Nuclear weapons are “becoming more important” than they have been since the height of the Cold War, the House of Lords’ International Relations and Defence Committee has been told.
Andrew Futter, a professor of international politics at the University of Leicester, told peers on May 17: “China’s stockpile is probably around 300 or 400, that’s the best we can guess. But there is a fear that that could be quite rapidly expanded so it would come close to U.S. or Russian stockpiles. U.S. and Russian stockpiles are around about 5,000, although of those only a much smaller amount are deployed.”
He said there was news last year that China was building nuclear missile fields in Gansu province and he said there was a “belief” they would build the warheads to go with it.
Futter said there were also “proliferation” fears surrounding India and North Korea.
“It does feel as if we are in a global environment where nuclear weapons are becoming more important for some of these countries, not just in terms of numbers but in terms of the role they play and you can see that with Russia. In the past three or four years there have been the unveiling of many different exotic nuclear delivery systems, whether it’s the underwater torpedo, or nuclear-powered cruise missiles,” he added.
Last year Britain reversed a long-running policy to reduce its stockpile of nuclear weapons and said it would be increasing the cap on the number of warheads it has to 260, up from 180 in the previous review.
Futter said: “If it wants to retain a submarine-based nuclear deterrent with four submarines then it’s questionable how many more warheads it could reduce to, to make that safe and sustainable, especially during the transition.”
In August the nuclear Non-Proliferation Treaty’s 10th review conference is due to take place—having been postponed since 2020 because of the pandemic—and Futter and Dr. Susan Martin, a senior lecturer at the war studies department at King’s College in London, agreed Britain would likely be criticised at that event for the decision to increase its warheads.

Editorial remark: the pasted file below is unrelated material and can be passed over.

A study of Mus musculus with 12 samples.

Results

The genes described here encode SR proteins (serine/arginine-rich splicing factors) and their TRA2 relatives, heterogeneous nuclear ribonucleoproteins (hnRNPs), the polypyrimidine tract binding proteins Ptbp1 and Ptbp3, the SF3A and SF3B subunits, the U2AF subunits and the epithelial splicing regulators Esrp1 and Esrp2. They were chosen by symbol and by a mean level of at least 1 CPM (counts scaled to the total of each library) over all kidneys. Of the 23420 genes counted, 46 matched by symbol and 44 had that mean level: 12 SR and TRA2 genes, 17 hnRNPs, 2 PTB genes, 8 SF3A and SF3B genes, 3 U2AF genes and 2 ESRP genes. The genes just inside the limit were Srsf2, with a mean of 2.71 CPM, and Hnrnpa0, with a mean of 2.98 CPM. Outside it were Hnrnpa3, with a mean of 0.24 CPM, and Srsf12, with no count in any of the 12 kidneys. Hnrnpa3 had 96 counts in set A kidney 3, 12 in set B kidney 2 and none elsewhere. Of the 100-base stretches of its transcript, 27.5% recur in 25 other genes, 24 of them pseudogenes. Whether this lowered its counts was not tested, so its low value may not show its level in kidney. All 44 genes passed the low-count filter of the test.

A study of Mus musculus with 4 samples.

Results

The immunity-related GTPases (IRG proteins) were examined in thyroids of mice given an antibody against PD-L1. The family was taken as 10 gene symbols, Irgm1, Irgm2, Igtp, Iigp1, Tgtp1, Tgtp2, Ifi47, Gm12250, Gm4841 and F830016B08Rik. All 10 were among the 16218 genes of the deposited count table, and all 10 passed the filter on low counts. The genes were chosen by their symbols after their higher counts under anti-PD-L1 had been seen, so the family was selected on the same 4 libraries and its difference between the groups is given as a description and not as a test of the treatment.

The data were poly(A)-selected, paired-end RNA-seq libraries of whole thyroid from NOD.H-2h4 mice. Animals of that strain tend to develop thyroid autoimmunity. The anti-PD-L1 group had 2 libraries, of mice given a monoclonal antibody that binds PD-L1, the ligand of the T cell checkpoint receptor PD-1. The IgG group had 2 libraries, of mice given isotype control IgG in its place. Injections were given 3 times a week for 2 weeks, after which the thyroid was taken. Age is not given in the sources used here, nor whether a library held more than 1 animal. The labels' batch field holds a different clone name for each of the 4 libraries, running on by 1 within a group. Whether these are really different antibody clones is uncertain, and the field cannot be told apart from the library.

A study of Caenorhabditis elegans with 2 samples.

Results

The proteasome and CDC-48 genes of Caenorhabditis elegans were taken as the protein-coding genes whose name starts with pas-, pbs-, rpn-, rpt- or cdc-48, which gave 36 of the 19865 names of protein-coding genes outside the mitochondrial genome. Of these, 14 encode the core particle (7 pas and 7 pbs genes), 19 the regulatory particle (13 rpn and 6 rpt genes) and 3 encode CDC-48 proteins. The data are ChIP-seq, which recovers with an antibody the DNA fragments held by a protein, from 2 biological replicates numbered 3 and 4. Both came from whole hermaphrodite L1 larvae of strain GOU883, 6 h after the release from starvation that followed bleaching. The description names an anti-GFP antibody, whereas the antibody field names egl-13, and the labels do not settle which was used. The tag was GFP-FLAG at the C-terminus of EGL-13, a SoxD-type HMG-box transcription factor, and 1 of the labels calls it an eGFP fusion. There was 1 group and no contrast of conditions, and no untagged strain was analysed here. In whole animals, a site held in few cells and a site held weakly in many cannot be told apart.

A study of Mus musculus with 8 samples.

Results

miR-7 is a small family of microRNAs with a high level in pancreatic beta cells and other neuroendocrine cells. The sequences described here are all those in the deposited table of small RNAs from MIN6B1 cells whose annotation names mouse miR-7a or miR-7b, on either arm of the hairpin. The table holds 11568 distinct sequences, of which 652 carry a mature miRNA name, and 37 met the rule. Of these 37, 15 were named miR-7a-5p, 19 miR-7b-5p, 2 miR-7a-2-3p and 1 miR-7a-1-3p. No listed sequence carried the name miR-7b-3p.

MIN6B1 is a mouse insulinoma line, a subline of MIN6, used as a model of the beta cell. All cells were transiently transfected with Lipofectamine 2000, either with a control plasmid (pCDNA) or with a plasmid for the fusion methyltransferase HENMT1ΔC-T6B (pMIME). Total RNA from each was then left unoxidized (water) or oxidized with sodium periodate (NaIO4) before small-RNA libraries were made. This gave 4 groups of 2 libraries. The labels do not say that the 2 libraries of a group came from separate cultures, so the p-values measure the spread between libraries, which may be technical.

But Futter said he suspected the negativity towards Britain would be overshadowed by the criticism which would be aimed at Russia’s President Vladimir Putin, who has threatened to use nuclear weapons against those countries which seek to intervene in the Ukraine conflict.
‘Certainty Of Destruction’
Martin said no weapons compared to nuclear when it came to the “certainty of destruction” but she said there was no doubt there was a growing threat from cyber warfare.
The pair were asked by Labour peer Lord Wood, a former adviser to Gordon Brown: “Is your sense that strategic ambiguity over use is still the hallmark of our nuclear posture?”
Strategic ambiguity is a military term that relates to keeping the enemy guessing about a country’s nuclear capabilities.
Futter said: “There’s nothing to be lost by strategic ambiguity and it probably has been a hallmark of UK policy for a long time and there’s nothing particular to be gained about being much more open, transparent, and specific.”
Later Martin was asked by Wood whether Britain should switch from an “ambiguous” posture to a No First Use stance.
Martin said: “I don’t think that it is necessarily destabilising but there’s a risk that it could be destabilising because you’re potentially saying that you would not consider nuclear use in a situation where you may very well consider them. If a non-nuclear attack was significant enough it’s possible that the UK may decide that its only option was a nuclear retaliatory strike and that possibility should be clear to our adversaries.”
Martin and Futter were giving evidence about state and non-state threats to national security as part of an inquiry called Defence Concepts and Capabilities: From Aspiration to Reality.